Will Java EE ever make it to the cloud?

Last week's Google I/O conference had pretty big news for Java developers: the release of a paid, souped-up Google App Engine for Java offering, in partnership with VMware, with support for the Spring Framework and an SLA promising 99.9 percent uptime. It's the sort of offering designed to expand the market for Google's cloud service beyond tinkerers and Web startups, and convince people in big organizations (with corresponding big budgets) that they should try the offering out. Will it work?

There's a pretty interesting pair of pieces on InfoWorld that, perhaps without meaning to, offer a point-counterpoint on the subject. Neil McAllister is bullish; he sees this is a clever move on the part of VMware, which is using Java to move to cloud computing, which is the next step of the virtualization that is its bread and butter. He thinks that Spring support will make up for the lack of Java EE support -- the latter framework, as he explains, is too heavyweight to be virtualized onto a cloud system. But Savio Rodrigues thinks that lack of Java EE support is a killer; this feeds into his previously stated suspicions of Spring, which are focused on the fact that it's ultimately controlled by EMC rather than being an open standard like Java EE.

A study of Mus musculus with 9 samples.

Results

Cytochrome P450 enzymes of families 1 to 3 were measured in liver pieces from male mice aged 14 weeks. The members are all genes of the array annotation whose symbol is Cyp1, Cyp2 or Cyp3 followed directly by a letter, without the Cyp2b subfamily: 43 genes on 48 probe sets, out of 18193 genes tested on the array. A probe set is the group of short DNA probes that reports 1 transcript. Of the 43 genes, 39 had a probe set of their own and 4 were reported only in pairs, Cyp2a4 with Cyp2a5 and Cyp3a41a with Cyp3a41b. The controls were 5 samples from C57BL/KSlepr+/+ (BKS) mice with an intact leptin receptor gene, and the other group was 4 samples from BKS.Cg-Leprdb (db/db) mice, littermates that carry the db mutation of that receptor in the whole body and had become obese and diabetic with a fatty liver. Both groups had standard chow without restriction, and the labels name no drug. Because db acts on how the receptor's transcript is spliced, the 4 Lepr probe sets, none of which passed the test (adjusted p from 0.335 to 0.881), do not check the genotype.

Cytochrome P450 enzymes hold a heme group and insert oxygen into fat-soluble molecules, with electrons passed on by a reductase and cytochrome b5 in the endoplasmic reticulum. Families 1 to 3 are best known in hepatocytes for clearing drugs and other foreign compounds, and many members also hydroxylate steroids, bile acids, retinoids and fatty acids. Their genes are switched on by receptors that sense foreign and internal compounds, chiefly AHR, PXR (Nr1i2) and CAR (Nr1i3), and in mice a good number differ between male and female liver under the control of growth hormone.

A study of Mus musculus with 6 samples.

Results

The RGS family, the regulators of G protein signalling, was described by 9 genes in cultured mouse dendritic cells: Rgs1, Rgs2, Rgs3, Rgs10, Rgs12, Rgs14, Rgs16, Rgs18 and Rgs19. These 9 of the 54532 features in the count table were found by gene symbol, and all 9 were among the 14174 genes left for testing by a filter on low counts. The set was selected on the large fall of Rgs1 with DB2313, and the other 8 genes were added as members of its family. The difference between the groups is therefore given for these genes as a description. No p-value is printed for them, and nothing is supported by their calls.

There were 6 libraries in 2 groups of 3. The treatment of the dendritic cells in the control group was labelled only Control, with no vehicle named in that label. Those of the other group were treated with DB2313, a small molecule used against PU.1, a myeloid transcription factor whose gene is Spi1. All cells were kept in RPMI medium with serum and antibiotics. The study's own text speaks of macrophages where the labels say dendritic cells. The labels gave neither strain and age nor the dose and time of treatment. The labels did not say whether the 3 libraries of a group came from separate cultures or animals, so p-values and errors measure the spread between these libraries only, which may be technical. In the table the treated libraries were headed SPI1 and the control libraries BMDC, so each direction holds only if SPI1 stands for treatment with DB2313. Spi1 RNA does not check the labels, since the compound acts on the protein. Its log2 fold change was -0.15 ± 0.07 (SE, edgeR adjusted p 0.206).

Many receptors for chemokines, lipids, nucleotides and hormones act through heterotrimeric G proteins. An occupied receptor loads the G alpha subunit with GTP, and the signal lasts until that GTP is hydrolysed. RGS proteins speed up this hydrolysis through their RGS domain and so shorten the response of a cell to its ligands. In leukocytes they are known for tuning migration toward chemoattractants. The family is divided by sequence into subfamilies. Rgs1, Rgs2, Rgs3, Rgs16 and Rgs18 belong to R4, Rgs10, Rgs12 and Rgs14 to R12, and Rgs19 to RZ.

The lack of a serious Java EE cloud option is in fact glaring; whether it's from lack of effort -- as McAllister points out, Larry Ellison is a notorious cloud skeptic -- or simply because Java EE is simply too large and unwieldy a mass to run in a distributed cloud environment is open to question. One would think that the Web profile, at least, might make a candidate? The question is: will the high-end Java standard ever make the jump to the cloud? And, if not, will this lead to more fragmentation?

This story, "Will Java EE ever make it to the cloud?" was originally published by JavaWorld.